Fed chairman hints at higher interest rates just one day after Trump lashes out at him
Federal Reserve Chairman Jerome Powell speaks to the Economic Club of New York, saying that interest rates remained "low by historical standards" and still provided stimulus to the economy. (AFP / Don EMMERT)

A day after President Donald Trump's latest attack on the US central bank, Federal Reserve chief Jerome Powell hinted Wednesday the key lending rate would move higher but said there was no preset course.

Powell said in a speech in New York that interest rates remained "low by historical standards" and still provided stimulus to the economy.

And he repeated the view that the Fed's policy rate -- at 2.25 percent -- is "just below" the estimate of neutral, a rate that neither stimulates nor restrains the economy.

US stock markets jumped following the comments, as investors interpreted them to mean the central bank was close to the end of its tightening cycle. The Dow jumped 1.8 percent in the moments after the speech became public.

"He said the magic words," Gregori Volokhine of Meeschaert Financial Services told AFP.

However, central bankers have never signaled they intend to stop raising rates once they hit neutral -- which is a moving target and subject to debate. Instead they will watch economic data, especially inflation.

And Powell said the Fed's gradual increases balanced the risks between raising too much and not enough.

Trump on Tuesday again blasted his hand-picked chief of the US central bank, saying he was "not even a little bit happy" with his selection of Powell.

The Federal Reserve chairman has presided over three interest rate increases this year and is widely expected to hike again in December.

In an interview with The Washington Post, Trump said the Fed was "way off base."

"They're making a mistake because I have a gut and my gut tells me more sometimes than anybody else's brain can ever tell me," the president added.

- 'Democratic legitimacy' -

Trump has repeatedly attacked Powell for continuing to raise the benchmark lending rate, which Trump says undermines the work he is doing to juice the US economy.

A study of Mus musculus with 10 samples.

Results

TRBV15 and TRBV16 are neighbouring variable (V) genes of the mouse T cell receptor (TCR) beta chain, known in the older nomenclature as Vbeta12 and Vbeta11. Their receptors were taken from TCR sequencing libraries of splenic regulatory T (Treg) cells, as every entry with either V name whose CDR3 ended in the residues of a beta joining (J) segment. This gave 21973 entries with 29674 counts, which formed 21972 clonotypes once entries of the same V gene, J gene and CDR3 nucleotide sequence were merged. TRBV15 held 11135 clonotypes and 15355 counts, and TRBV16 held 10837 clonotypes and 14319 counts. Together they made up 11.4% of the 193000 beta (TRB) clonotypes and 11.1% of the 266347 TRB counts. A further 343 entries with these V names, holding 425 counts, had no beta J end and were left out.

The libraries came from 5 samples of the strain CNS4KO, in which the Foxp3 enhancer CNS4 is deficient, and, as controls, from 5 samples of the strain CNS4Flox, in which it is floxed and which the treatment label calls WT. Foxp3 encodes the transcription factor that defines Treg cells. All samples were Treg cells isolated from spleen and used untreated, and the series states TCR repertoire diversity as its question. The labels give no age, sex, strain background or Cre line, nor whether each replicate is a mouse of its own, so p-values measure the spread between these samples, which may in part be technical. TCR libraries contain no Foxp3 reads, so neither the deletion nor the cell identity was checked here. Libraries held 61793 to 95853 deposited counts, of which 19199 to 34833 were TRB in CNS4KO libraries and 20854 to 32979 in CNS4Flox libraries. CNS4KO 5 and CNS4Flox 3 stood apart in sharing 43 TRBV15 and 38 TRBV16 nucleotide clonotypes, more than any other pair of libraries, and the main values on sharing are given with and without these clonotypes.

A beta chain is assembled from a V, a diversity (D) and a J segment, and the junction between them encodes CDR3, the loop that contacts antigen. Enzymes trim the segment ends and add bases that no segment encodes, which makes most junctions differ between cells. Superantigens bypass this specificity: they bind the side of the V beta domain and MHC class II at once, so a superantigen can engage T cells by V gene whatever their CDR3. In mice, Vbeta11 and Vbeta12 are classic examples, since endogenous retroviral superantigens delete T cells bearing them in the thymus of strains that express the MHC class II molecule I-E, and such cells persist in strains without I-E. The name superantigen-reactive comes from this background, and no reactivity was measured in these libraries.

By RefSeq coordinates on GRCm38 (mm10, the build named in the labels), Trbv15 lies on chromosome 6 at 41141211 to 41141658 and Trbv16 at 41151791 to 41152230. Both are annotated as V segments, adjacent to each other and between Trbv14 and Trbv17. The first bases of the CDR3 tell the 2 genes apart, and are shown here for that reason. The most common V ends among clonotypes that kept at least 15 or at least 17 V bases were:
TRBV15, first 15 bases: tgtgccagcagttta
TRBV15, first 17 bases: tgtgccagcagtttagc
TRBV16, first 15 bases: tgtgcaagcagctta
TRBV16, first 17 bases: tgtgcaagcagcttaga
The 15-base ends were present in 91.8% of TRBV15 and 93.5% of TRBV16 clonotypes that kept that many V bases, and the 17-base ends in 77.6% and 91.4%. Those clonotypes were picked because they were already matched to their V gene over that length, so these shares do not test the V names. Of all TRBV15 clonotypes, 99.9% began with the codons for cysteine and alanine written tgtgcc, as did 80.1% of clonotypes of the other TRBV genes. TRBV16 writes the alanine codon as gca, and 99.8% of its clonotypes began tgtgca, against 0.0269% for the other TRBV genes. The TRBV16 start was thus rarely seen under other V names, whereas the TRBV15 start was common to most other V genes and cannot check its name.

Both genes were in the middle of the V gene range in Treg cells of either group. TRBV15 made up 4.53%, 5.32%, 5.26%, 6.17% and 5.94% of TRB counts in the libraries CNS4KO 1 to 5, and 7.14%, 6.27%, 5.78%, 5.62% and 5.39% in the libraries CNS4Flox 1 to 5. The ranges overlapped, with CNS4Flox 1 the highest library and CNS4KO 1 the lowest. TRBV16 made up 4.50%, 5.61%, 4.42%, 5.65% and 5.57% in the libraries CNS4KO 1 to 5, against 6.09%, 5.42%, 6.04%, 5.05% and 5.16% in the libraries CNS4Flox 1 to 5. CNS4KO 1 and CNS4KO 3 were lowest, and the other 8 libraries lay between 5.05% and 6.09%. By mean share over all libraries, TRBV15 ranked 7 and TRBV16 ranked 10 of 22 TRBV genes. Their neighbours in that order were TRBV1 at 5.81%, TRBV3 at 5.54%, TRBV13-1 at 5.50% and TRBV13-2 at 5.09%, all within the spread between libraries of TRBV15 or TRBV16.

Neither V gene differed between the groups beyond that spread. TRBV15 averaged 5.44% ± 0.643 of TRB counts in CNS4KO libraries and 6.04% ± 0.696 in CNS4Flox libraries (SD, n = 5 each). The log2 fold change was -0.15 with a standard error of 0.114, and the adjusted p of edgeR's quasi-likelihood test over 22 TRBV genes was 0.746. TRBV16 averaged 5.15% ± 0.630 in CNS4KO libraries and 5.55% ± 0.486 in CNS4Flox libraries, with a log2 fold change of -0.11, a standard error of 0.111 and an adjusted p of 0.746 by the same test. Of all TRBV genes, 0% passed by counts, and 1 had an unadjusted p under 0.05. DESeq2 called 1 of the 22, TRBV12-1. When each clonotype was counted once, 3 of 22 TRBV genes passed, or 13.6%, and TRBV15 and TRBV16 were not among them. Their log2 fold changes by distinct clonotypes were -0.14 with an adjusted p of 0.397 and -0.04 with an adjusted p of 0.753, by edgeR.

In his speech to the New York Economic Club, Powell again stressed that there was "no preset policy path" for interest rates and said the central bank had moved gradually, since "moving too fast would risk shortening the expansion."

But keeping rates "too low for too long" could create other risks, including accelerating inflation, he said.

"As always, our decisions on monetary policy will be designed to keep the economy on track," he said.

Powell and other officials have dismissed the unprecedented political attacks from Trump, saying they have no influence on deliberations of the independent central bank.

But many economists warn that by attacking the Fed for raising rates, Trump is actually putting pressure on the central bank to raise rates to demonstrate its political independence.

Powell's speech was focused largely on a new Fed report on stability of the US financial system, but contained an unusual comment:

"By clearly and transparently explaining our policies, we aim to strengthen the foundation of democratic legitimacy that enables the Fed to serve the needs of the American public."

- No dangerous excesses -

In his speech, Powell also explained the Fed's inaugural report on the stability of the US financial system, released earlier Wednesday.

Among the conclusions, he said the central bank did not see "dangerous excesses" in stock markets, while the financial system was now "substantially more resilient" than it was before the 2008 financial crisis.

"My own assessment is that, while risks are above normal in some areas and below normal in others, overall financial stability vulnerabilities are at a moderate level," Powell said.

While he acknowledged the growing concern over increased borrowing by businesses that already carried a high debt load, he said that for now they were "unlikely to pose a threat to the safety and soundness" of the system in the event of a downturn.

Meanwhile "the unsettled state of trade negotiations, Brexit negotiations, budget discussions between Italy and the European Union, and cyber-related disruptions" all remain risks to the global economy.